The New England and Regional Art Museum's latest exhibition, opening Friday, takes the public into the history of one of our city's most iconic buildings.
"College on the Hill" celebrates the history and architecture of the Old Teachers' College, 90 this year.
Construction started in 1929 - the same year Howard Hinton donated his first artworks to Armidale and the college. Those 1400 artworks became the backbone of today's NERAM, created to house the collection in 1983.
"We want to mark that occasion," NERAM director Rachael Parsons said. "For us, the Teachers' College and that relationship with Howard Hinton are seminal to our development as a museum. The history of Armidale is tied up in a joint passion for education and culture."
"Armidale is still full of people who worked or studied at the Teachers' College," Ms Parsons said. "We hope people will turn up and see someone that they knew, or even see themselves."
A showreel, for instance, displays photos of wrestlers, dancers, and swimmers from the 1940s - a fascinating glimpse into a bygone age. "You really get a sense of the time, because of what they're wearing, and their hair styles," Ms Parsons said.
Then there are artefacts from the UNE Heritage Centre and FOTC collections, including Art Deco woodwork and bakelite mementos.
The college was also where some locals had their first encounters with paintings.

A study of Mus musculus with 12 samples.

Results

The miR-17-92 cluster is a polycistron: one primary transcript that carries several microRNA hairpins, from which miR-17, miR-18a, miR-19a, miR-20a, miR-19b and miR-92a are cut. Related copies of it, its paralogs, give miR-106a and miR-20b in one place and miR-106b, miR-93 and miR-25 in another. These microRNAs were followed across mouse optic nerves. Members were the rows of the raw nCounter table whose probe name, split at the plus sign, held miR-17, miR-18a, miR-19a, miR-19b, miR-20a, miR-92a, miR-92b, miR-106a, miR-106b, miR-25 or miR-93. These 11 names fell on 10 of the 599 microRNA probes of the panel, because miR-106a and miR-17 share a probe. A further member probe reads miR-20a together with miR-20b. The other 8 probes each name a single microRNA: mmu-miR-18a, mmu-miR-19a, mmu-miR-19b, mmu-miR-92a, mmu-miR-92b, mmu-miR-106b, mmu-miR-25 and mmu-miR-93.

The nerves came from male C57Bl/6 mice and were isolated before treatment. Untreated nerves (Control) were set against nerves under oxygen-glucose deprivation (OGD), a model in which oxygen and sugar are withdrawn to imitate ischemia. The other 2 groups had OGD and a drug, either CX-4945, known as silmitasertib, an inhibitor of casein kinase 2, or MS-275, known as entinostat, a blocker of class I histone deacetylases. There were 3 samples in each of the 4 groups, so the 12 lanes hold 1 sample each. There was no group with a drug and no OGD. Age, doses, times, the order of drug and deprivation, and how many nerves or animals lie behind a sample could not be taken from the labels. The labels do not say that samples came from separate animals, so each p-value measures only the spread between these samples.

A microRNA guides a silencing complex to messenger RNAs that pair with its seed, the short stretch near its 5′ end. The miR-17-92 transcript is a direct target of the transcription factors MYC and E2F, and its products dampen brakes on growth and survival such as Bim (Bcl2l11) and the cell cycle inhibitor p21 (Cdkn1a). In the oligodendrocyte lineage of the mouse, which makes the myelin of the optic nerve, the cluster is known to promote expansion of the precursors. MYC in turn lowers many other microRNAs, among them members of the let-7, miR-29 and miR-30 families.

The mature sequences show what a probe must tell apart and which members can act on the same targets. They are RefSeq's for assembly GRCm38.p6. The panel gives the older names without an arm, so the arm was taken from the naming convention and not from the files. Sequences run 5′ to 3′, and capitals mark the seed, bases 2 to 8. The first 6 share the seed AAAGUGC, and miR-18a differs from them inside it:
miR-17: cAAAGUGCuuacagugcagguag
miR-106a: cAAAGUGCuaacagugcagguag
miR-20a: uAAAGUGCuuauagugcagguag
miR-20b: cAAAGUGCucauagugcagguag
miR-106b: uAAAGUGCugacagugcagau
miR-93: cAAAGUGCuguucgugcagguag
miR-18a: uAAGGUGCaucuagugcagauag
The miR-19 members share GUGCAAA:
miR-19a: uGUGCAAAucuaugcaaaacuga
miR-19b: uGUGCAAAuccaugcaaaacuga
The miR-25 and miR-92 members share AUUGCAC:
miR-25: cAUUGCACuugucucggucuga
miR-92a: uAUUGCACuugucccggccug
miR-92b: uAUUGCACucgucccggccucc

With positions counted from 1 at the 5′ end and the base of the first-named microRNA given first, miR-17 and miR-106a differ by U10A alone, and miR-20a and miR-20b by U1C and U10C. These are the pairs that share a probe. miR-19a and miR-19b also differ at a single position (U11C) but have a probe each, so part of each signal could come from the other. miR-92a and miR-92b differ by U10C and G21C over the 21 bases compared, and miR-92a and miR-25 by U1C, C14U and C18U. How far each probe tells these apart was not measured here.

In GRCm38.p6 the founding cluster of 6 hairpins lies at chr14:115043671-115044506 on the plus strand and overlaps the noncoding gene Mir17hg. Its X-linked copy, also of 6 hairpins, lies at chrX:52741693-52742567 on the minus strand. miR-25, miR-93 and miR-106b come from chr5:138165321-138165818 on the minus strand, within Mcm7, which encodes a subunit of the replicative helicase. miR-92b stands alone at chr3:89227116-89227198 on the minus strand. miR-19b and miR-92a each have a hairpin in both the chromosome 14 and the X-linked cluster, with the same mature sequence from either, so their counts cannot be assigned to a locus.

"The Hinton Collection, for a lot of people, was an important entry point to developing a true love for art," Ms Parsons said.
As a curator, she is amazed and amused that Hinton collected paintings, and sent them in crates to the college - where teachers and students opened the boxes, unpacked the works, and hung them on classroom and corridor walls.
"From a conservation point, it sounds totally mad - but what an outstanding vision to provide such open access to some really significant cultural works!" Ms Parsons said.
Some of the images in the exhibition show the Hinton collection in situ, as the patron intended them to be shown.
"You really get a sense of where it began, and how integrated it was into the everyday running of the school," Ms Parsons said.
"We can't underestimate how much that has meant to the people who went to the college, and also to Armidale as a town. It's the catalyst for why NERAM exists, so this exhibition is a really nice opportunity to look back and acknowledge that history."
"College on the Hill" opens at NERAM, 106-114 Kennedy Street, this Friday, June 21, and runs until August 18.
On June 27, a panel of guest speakers will talk about their stories. 'Memories of the Old Teachers' College', Ms Parsons said, will not be an official lecture on the building's history. "We wanted to make it more personal, so that people could remember and recount their experiences of the building."